Birthing units in two Waikato towns are under threat: the district health board wants to close them.
The board says the units in Te Awamutu and Morrinsville are not viable, because there are fewer births in those areas.
Planning and funding manager Brett Paradine says the DHB provides first-class maternity services in Hamilton, and many mothers-to-be prefer big city hospitals.
"Probably less than a third of people in most communities are giving birth locally," he says, "and there's probably about a third who need to go to a secondary unit and couldn't in the best case give birth locally.
"Internationally you don't see more than about half of the population giving birth in that sort of unit - so actually there is very much a limit to how much difference different facilities could make."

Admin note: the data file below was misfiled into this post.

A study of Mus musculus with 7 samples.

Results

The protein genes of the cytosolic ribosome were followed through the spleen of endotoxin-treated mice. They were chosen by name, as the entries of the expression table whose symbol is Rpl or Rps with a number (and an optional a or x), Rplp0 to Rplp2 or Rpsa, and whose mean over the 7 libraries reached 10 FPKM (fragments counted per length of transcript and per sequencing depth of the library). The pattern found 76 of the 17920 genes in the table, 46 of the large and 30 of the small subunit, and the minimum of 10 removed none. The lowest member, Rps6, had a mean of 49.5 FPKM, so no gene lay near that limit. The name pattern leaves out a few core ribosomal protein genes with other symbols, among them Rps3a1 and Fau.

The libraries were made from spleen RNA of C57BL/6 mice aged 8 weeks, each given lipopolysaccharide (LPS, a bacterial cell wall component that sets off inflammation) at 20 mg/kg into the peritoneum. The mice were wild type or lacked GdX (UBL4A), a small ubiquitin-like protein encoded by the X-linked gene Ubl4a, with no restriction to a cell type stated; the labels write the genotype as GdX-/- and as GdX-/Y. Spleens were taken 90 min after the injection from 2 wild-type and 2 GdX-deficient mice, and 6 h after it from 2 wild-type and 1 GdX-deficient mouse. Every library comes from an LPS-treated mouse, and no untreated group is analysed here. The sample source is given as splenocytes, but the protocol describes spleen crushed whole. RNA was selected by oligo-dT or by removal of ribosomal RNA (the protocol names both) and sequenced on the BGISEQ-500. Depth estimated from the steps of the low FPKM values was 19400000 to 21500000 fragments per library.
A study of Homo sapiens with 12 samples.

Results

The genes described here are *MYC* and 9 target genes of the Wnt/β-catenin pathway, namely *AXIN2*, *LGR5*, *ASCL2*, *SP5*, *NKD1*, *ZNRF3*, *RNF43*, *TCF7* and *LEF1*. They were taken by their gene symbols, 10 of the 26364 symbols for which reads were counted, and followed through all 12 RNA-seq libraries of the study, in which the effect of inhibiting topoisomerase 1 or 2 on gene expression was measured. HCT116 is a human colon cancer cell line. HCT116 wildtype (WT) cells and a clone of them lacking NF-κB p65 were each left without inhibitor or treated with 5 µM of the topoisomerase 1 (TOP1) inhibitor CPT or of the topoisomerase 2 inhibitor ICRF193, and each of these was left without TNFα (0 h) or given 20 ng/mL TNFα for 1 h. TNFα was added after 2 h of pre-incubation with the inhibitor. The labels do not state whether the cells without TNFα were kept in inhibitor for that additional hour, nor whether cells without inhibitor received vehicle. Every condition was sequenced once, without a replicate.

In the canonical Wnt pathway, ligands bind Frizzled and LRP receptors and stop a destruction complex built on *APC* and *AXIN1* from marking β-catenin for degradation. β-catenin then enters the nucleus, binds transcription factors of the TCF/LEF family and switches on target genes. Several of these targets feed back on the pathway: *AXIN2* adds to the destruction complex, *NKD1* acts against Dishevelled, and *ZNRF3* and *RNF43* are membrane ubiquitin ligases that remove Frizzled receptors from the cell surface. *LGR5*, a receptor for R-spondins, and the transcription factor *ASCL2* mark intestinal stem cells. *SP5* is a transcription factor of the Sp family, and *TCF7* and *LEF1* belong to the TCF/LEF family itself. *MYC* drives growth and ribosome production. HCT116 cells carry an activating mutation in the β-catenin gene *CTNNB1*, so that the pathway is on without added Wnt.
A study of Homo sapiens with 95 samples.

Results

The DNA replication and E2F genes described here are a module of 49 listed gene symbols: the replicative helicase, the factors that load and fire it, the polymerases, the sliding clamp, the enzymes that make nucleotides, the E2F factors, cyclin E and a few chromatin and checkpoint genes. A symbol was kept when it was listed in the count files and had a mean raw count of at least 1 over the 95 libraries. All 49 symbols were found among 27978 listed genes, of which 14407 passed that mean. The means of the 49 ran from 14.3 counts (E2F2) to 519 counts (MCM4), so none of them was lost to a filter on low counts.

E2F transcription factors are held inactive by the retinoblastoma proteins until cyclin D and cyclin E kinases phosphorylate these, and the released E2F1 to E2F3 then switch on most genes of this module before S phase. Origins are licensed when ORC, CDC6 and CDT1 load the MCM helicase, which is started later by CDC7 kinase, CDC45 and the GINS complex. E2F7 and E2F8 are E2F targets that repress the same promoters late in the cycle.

Mr Paradine says any money saved would be redirected to other health services, so it's not a cost-cutting move. And the board is leaving the door open to see if anyone else can make a go of the units - within the funding available - rather than closing them straight way.
A campaign to save the Te Awamutu unit is being led by Otorohanga Parents Centre president Clare Reeve, who says local birthing centres are important to rural communities because they avert the risk of giving birth en route and allow family support close by.
She says a locally run unit would be viable but would need community support.
Matamata-Piako mayor Jan Barnes says she accepts that the figures stack up against the Morrinsville unit but she's confident something else can be provided.
The future of the two units will be back on the DHB's agenda on 24 April.